An employee places copies of the Bank of England (BOE) quarterly inflation report on a table ahead of the bank’s quarterly inflation report news conference at the central bank in the City of London, U.K. (Photographer: Simon Dawson/Bloomberg)

The World’s Dullest Multibillion-Dollar Scandal

(Bloomberg Opinion) -- Rarely has a multibillion-dollar scandal been quite so boring.

For years, the U.K. has measured inflation using rival indicators, notably the Retail Prices Index and the Consumer Prices Index. Each has its place. CPI is used by the Bank of England to guide monetary policy, for instance, while RPI is used as the reference rate for inflation-protected government bonds.

Awkwardly, the two measures have long yielded mismatched inflation rates, with RPI typically producing a higher estimate. When a new methodology for measuring clothing prices was introduced in 2010, that difference widened sharply — from about 0.5 percentage point to an average of about 0.8 percentage point in the years since.

The World’s Dullest Multibillion-Dollar Scandal

That’s a big deal. For one thing, investors in inflation-linked gilts have benefited from significantly higher coupon payments than they otherwise would have. The government, in turn, has had to pay more for its borrowing — to the tune of some $1.3 billion in unplanned taxpayer generosity each year. Those costs stretch far into the future: Some of the gilts won’t mature until 2068.

It gets worse. Far from fixing this discrepancy, successive governments have used it to their advantage. In a practice called “index shopping,” they’ve tended to use RPI for raising revenue (when calculating rail fare and the interest on student loans, for instance) and CPI when determining outlays (for welfare, pensions and so on). In effect, bond investors benefit at the expense of commuters and students, a redistribution that would likely be unpopular (to put it mildly) if made more explicit.

An oddity of this scandal is that everyone knows. Various reviews over the years have concurred that the current arrangement is indefensible as public policy. In statements last week, two parliamentary committees called the situation “grossly unfair” and “a ridiculous merry-go-round.”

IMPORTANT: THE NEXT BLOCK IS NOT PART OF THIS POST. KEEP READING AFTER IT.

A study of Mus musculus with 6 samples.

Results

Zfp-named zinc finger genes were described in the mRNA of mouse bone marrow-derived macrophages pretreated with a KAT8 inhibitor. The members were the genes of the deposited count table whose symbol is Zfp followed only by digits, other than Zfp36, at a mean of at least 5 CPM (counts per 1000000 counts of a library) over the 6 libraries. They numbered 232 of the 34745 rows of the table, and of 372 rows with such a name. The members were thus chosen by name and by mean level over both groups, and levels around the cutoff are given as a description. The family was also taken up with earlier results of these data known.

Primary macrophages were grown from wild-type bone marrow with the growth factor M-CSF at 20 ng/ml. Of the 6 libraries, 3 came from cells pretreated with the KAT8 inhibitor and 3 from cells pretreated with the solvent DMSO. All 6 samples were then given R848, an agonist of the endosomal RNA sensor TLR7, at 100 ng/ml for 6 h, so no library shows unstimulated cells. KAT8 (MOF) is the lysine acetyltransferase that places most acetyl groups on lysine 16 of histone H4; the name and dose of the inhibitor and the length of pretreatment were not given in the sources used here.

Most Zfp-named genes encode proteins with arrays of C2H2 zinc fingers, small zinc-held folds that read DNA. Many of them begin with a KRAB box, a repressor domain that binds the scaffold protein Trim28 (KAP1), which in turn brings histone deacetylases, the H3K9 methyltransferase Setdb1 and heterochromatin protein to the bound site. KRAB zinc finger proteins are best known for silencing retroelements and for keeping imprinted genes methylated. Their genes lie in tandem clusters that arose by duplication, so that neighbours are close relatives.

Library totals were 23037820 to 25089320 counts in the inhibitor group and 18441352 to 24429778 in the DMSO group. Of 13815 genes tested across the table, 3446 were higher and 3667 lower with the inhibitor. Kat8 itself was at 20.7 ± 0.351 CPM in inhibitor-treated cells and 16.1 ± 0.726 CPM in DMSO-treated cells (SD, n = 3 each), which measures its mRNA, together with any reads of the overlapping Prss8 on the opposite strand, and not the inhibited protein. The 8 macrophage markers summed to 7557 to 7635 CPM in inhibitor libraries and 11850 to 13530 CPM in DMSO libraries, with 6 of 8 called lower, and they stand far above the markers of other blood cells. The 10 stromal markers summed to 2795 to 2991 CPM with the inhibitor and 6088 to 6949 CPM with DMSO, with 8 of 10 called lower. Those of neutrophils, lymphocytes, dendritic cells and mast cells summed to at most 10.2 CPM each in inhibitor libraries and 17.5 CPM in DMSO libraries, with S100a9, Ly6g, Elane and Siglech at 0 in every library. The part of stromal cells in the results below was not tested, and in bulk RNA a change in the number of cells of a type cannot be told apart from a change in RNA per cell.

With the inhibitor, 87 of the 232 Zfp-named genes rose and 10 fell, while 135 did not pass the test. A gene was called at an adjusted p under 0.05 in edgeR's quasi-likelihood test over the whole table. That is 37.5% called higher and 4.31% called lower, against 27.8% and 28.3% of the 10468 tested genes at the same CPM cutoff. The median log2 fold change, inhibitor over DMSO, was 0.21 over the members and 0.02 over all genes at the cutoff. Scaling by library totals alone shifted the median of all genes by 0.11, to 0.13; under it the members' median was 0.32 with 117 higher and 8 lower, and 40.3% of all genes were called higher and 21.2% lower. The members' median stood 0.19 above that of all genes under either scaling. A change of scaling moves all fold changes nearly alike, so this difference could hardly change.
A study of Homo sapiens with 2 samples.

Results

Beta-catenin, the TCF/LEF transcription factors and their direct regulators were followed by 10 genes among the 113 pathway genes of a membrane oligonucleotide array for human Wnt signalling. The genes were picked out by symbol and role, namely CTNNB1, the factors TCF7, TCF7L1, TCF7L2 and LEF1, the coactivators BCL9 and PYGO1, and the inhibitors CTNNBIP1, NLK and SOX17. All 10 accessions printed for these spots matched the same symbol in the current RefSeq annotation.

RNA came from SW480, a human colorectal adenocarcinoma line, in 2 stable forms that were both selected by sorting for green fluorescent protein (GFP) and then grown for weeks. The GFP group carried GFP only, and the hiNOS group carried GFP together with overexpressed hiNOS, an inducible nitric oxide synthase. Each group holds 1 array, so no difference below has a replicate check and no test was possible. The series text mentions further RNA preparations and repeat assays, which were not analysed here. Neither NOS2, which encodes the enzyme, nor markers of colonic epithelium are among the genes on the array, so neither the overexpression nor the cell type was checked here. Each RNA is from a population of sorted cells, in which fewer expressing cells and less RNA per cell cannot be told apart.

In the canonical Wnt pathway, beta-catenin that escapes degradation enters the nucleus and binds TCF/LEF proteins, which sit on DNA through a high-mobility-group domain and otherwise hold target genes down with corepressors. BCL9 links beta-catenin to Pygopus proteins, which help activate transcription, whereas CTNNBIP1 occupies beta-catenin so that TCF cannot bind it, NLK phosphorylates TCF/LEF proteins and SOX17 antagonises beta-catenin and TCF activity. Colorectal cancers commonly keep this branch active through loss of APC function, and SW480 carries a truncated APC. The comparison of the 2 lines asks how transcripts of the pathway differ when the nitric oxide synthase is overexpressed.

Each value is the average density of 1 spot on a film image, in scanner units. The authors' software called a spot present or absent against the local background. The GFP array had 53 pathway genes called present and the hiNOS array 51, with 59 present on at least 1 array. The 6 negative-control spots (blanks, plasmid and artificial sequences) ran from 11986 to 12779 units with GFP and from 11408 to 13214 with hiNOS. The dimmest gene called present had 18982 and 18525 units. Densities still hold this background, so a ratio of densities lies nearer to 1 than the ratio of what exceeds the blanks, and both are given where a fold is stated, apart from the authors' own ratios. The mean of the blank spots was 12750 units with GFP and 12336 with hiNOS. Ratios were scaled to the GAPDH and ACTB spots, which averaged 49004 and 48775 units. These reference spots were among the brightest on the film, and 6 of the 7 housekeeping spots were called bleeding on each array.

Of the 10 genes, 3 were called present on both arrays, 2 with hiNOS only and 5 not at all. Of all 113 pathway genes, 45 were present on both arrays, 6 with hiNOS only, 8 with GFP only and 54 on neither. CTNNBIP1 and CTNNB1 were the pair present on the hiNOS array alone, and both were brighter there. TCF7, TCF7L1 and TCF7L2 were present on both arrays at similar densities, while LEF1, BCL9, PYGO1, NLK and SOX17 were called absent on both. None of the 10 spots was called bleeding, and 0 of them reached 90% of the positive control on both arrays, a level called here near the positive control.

Ending the ride should be a priority. A seemingly obvious solution would be to abolish the RPI, which the U.K. Statistics Authority concedes “is not a good measure of inflation” and “does not have the potential to become one.” Unfortunately, it’s not so simple. RPI’s use is mandated by law in some cases and by contract in others, including in many private-sector pension plans. Hundreds of billions of dollars in liabilities are linked to it, not counting all the lawyers’ fees.

Given that reality, two steps would be helpful.

One is to reduce distortions in the bond market. As a start, that should mean indexing new gilt sales to CPI. What to do with existing gilts linked to RPI is a harder question. Shafting investors who reasonably expected those bonds to produce a higher return wouldn’t be fair. But letting RPI stagger on without changes would be irresponsible.

An imperfect solution is to keep RPI in place, but resume making incremental adjustments to its methodology — for instance, by mitigating widely acknowledged flaws in its measurement of clothing prices. Investors will still grumble as the spread between the two indexes narrows. But the prospectuses they signed on to, in almost all cases, explicitly allow for such changes; the key is to enact them gradually and defensibly.

A second step is to phase out both RPI and CPI for all future government uses in favor of a single transparent inflation metric. Doing so would simplify matters, bolster public confidence in official statistics, prevent bureaucratic index shopping, and eliminate a substantial and inadvertent redistribution of taxpayer funds.

For all its tedium, this scandal exemplifies an important truth of policy making. Accurate metrics are an essential part of governance, and small changes in methodology can, in aggregate, have a profound effect on public welfare. They must be maintained with extreme care and foresight — and fixed when things go wrong.

Editorials are written by the Bloomberg Opinion editorial board.